Mixing Music with the Haas Effect
by Alexander Richardson
The “Haas Effect” is an under-appreciated and mostly unknown psycho-acoustical effect, which is one of the 2 major defining factors for localisation within a stereophonic phantom imaging. It is an effect defined by the amount of delay time between the first instance of sound (heard by the ear closest to the sound source) and the second instance or delayed sound (heard by the ear furthest from the sound source). The Haas Effect is largely undiscussed amongst most engineers however for the sought after mixing engineers it is a secret weapon that allows them to enhance their dimensionality.
The Haas Effect
“Haas Effect Also called the precedence effect, describes the human psychoacoustic phenomena of correctly identifying the direction of a sound source heard in both ears but arriving at different times. Due to the head’s geometry (two ears spaced apart, separated by a barrier) the direct sound from any source first enters the ear closest to the source, then the ear farthest away” (Rane Corporation 2011).
What is the Haas Effect? Haas Effect is a delay that occurs 20-35ms after the original sound and is particularly useful as spatial/directional information. Helmut Haas was the first to document the event and its effect in great detail however it would fanciful to pronounce him the author of the Haas Technique.
How does it occur? The human ear has the ability to interpret intricacies of sound way further than what we can describe, for the sake of the post, as ‘first order comprehension’. I will define first order comprehension as easily definable and/or audible sound anomalies. These may include musical anomalies such as rhythm, melody, instrumentation, style, etc or sound information/quality phenomena such as timbre. First order comprehension anomalies are memorable and could be easily identified during or even after listening. Second order comprehension may contain musical anomalies such as inflections, method of playing, accents, etc. or sound information anomalies such as spatial content, stereo imaging, panning, ‘second order’ delays, etc. The Haas effect would be categorised into the third and final order of comprehension because even after its application, the delay (20-35ms) is so quick that the ear cannot discernibly detach the delay from its original sound. The effects can be heard when it is applied as phase, chorus or more importantly (in a correctly laid out stereophonic environment) as location information and it can therefore be described as a ‘third order’ delay.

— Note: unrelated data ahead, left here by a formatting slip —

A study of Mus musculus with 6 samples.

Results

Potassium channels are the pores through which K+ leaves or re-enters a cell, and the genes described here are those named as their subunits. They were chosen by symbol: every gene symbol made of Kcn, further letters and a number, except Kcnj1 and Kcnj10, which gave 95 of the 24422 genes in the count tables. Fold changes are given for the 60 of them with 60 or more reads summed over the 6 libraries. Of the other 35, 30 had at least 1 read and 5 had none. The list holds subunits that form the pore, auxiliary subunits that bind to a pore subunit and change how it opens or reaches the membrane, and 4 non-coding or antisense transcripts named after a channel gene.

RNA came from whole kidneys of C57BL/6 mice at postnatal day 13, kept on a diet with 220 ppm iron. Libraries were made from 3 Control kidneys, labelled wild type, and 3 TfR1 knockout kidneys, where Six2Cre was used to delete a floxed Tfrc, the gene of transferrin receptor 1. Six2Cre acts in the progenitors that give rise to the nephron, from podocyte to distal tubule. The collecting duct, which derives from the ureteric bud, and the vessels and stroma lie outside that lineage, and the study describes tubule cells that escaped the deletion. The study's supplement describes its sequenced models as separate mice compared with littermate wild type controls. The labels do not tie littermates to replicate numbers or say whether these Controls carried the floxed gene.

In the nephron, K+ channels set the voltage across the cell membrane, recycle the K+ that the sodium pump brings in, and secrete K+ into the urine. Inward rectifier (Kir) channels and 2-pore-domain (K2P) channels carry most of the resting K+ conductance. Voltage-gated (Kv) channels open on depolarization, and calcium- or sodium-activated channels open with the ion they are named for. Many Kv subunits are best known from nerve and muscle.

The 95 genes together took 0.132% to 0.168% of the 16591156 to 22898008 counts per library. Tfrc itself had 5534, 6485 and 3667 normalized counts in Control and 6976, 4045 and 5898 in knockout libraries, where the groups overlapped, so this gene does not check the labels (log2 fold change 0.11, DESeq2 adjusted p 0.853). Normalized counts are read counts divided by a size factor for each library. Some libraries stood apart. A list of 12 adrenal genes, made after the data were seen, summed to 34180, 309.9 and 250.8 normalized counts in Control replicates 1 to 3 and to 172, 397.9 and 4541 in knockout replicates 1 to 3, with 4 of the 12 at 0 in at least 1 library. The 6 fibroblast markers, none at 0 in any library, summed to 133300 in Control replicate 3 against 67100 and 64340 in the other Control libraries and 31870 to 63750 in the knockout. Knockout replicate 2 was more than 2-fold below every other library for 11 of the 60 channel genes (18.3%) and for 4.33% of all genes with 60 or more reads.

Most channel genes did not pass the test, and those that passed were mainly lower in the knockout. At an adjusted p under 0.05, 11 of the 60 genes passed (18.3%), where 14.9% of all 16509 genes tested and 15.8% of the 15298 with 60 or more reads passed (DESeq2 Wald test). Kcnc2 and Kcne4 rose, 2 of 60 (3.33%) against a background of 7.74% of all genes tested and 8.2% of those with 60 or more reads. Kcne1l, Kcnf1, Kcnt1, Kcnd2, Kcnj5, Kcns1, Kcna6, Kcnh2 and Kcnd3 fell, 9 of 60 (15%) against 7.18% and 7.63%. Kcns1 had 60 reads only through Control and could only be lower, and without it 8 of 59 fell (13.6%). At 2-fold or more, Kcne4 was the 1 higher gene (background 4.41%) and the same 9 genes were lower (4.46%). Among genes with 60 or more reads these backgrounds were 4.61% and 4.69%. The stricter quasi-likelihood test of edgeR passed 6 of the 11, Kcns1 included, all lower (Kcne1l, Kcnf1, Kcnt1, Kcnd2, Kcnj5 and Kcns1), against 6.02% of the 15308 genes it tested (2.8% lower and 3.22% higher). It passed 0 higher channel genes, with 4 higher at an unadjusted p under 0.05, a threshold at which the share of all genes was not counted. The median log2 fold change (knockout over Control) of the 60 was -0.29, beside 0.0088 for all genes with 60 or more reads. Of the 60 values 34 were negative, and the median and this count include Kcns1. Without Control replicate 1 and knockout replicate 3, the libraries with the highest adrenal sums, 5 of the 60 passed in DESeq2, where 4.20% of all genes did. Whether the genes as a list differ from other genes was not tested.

So, how does this aid the human brain to establish location? In a natural environment, let’s say your bedroom, there are natural reflections everywhere. As the sound source creates its first burst of sound; the sound waves project in all directions with a general focus of where the sound source was facing. The sound waves then splash off the walls as reflections. The human brain has been designed to interpret the reflections as an indication of location (as well as many other things) but specifically with an emphasis on early reflections occurring within 20-35ms of the original burst of sound and typically 10dB softer.
Application of the Haas Effect on a Mix
Having an understanding of the everyday use of The Haas Effect is an important factor here. In a mixing environment we are attempting to create a visual painting with sound across a stereophonic canvas. Consider for a moment that you are blind and walking through a room. It is impossible to discern with any other sense, whether the room is large or small, concrete or brick, full of furniture or empty… Early reflections are your key to that information.
Across a stereophonic field we can create a similar anomaly using a delay. A typical use of the Haas Effect is to pan the original signal all the way to the right and the delayed signal all the way to the left (or vice versa). This is because it gives a widening effect caused by phasing and a distinct lack of sound source information in the centre. The standard application is simple, effective and achieves its widening effect however there are some more advanced uses of the effect.
One way that the brain discerns distance from a sound source is by volume. Therefore the depth of the reflection can be moved by reducing or increasing its volume. In a stereophonic field, location of an image can be moved across the Y-axis by changing the volume ratios between the left and right speaker. Therefore we can define which direction the reflection came from. It can be concluded that a mixing engineer could define the dimensions of a virtual space using early reflections and position it accordingly using the above parameters.
It is important to note that this effect will create a chorusing effect in mono. How close the delay is panned to its original signal defines how much chorusing occurs. It is encouraged to choose your delay time whilst listening in to the comb filtering effects in mono because there will be a desirable delay that sounds better than others when summed in mono. Chorusing is unavoidable if and when the stereo signal is summed to mono. Some engineers suggest that the effect sounds muddy when summed to mono.
Written by Alexander Richardson
Izhaki, R 2012, Mixing Audio, 2nd Edition, Focal Press, Oxford
Owsinski, B 2006, The Mixing Engineer’s Handbook, 2nd Edition, Thomson Course Technology, Boston.